Improving Economic Outcomes in Rural Communities
Rural communities are grappling with a shortage of market-rate housing that is having a ripple effect on their economic health.
A lack of quality housing for those in the 18–to 30-year-old age range is being acutely felt even in communities that are experiencing economic growth. Large employers require a sustainable pipeline of talent. But without sufficient housing options, younger people are forced to choose between commuting long distances or finding employment elsewhere. Many of them are choosing the latter.
To be sure, communities across the board—large and small, rural and urban—are dealing with a housing shortfall. But rural communities must tackle challenges that aren’t shared by their suburban and urban counterparts: namely, a lack of feasibility. Lower market rents, high construction costs, limited equity, and debt options, and the lack of sound infrastructure make for a thin business case for developers.
At Miller-Valentine, we have been studying how communities and developers can come together to overcome these challenges. We are finding that collaboration between municipalities, businesses, and developers put quality market-rate multifamily housing within reach of a younger workforce. The key? Using local resources and economic tools to make development projects more feasible.
Balancing the Cost vs. Value Equation
From a developer’s perspective, every new project is a flowchart of checkpoints for feasibility. Each step of the process presents a go/no-go decision:
- Are suitable sites available?
- Can all entitlements be secured?
- Is there enough demand in the market?
- Can the market support a profitable rental rate?
- Will project costs exceed potential value?
- Is there local equity partners will to invest in the project?
- Are economic resources or mechanisms available to offset these costs?
- Is there an exit strategy?
As developers work through each step of the process, the risk of a financial loss is compounded. But when communities share in the upfront costs with developers, the venture becomes more attractive.
Based on our research and experience, we have identified four key areas where community leaders can apply their unique capabilities and tools to improve feasibility by reducing risk and defraying upfront expenses:
- Site selection and acquisition. Local leaders know their community better than anyone. By assisting with site selection, due diligence, and acquisition, they can shave time and costs from the process.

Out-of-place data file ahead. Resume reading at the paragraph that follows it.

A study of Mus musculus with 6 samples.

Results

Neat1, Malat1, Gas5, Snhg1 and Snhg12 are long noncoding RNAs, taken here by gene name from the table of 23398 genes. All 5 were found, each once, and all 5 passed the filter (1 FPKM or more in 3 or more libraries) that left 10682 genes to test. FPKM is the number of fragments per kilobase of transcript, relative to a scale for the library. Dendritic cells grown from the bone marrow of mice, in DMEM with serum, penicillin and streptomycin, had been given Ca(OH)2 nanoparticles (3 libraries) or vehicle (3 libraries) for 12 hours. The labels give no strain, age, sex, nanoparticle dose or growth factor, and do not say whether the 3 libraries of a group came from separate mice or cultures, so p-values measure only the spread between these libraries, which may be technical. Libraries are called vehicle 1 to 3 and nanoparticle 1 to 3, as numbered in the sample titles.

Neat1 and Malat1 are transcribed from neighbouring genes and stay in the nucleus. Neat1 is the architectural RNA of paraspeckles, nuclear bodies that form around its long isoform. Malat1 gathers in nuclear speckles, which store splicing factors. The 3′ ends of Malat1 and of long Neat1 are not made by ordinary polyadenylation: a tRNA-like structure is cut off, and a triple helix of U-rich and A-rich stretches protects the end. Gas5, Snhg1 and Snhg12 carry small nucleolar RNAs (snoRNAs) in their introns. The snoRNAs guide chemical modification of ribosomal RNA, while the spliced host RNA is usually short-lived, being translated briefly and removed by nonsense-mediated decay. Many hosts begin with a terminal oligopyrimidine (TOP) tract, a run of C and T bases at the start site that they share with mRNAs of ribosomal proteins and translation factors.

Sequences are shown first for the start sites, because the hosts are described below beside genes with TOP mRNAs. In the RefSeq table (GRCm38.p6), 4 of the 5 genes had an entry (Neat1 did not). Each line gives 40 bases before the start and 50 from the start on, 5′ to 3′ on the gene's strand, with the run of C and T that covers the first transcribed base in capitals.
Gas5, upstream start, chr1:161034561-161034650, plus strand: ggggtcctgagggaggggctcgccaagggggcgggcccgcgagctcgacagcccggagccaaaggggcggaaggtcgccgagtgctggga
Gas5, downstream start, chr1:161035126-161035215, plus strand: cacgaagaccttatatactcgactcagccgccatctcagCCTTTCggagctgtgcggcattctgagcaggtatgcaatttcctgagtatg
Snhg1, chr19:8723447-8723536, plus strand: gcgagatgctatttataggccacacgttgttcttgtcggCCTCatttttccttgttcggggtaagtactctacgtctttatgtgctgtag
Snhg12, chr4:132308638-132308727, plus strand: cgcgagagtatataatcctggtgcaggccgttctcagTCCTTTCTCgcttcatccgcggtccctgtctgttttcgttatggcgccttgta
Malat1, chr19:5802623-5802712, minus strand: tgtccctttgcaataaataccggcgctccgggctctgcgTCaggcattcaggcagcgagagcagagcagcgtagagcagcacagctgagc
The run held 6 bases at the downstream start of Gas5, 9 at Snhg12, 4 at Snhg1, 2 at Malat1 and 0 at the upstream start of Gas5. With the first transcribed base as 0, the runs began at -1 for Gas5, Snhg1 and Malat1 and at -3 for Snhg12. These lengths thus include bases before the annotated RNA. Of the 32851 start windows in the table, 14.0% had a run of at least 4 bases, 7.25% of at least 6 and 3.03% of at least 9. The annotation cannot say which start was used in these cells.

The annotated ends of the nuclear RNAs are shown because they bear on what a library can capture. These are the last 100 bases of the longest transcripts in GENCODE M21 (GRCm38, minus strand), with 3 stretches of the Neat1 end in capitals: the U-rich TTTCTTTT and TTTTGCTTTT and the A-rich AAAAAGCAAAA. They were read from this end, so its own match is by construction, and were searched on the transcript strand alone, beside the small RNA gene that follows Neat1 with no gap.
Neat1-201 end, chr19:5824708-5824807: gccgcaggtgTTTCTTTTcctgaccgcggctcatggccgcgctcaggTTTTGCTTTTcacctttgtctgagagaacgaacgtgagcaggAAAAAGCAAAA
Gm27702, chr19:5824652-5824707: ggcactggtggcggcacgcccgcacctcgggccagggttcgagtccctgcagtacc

- When community leaders partner with developers throughout the zoning and planning phase, it leads to better outcomes and a faster schedule.
- Economic development tools. For multifamily developments in rural areas, it is not unusual for the appraisal to reveal a divide between cost and value. Community leaders can step in with economic incentives—such as tax abatements, tax increment financing, and sales tax exemptions—to close that gap.
- Investor packages and pursuit. If these tools are not enough to adequately improve feasibility, then community leaders and developers can seek out community-based equity investors. These investors may be local companies, foundations, and even individuals who are vested in the success of their communities.
What This Looks Like in Action
Miller-Valentine is partnering with civic and business leaders in rural Ohio to bring multifamily development to the market. The primary driver is to improve the ability of local employers to attract and retain the younger talent that is needed to fuel their growth. The community works closely with our team throughout site selection and the entitlement process to streamline these procedures. Incentive packages are defraying costs. And the team has identified a number of local equity partners to invest in the project, including large area employers and local community-minded investors.
The housing dilemma is a pressing challenge for rural communities. Investing in quality, market-rate housing stock to serve a younger workforce is one pathway forward. Under most circumstances, the process takes 12 to 24 months to move from idea to groundbreaking. But that’s a short timeline compared to the long-term payoff for economic growth and community health.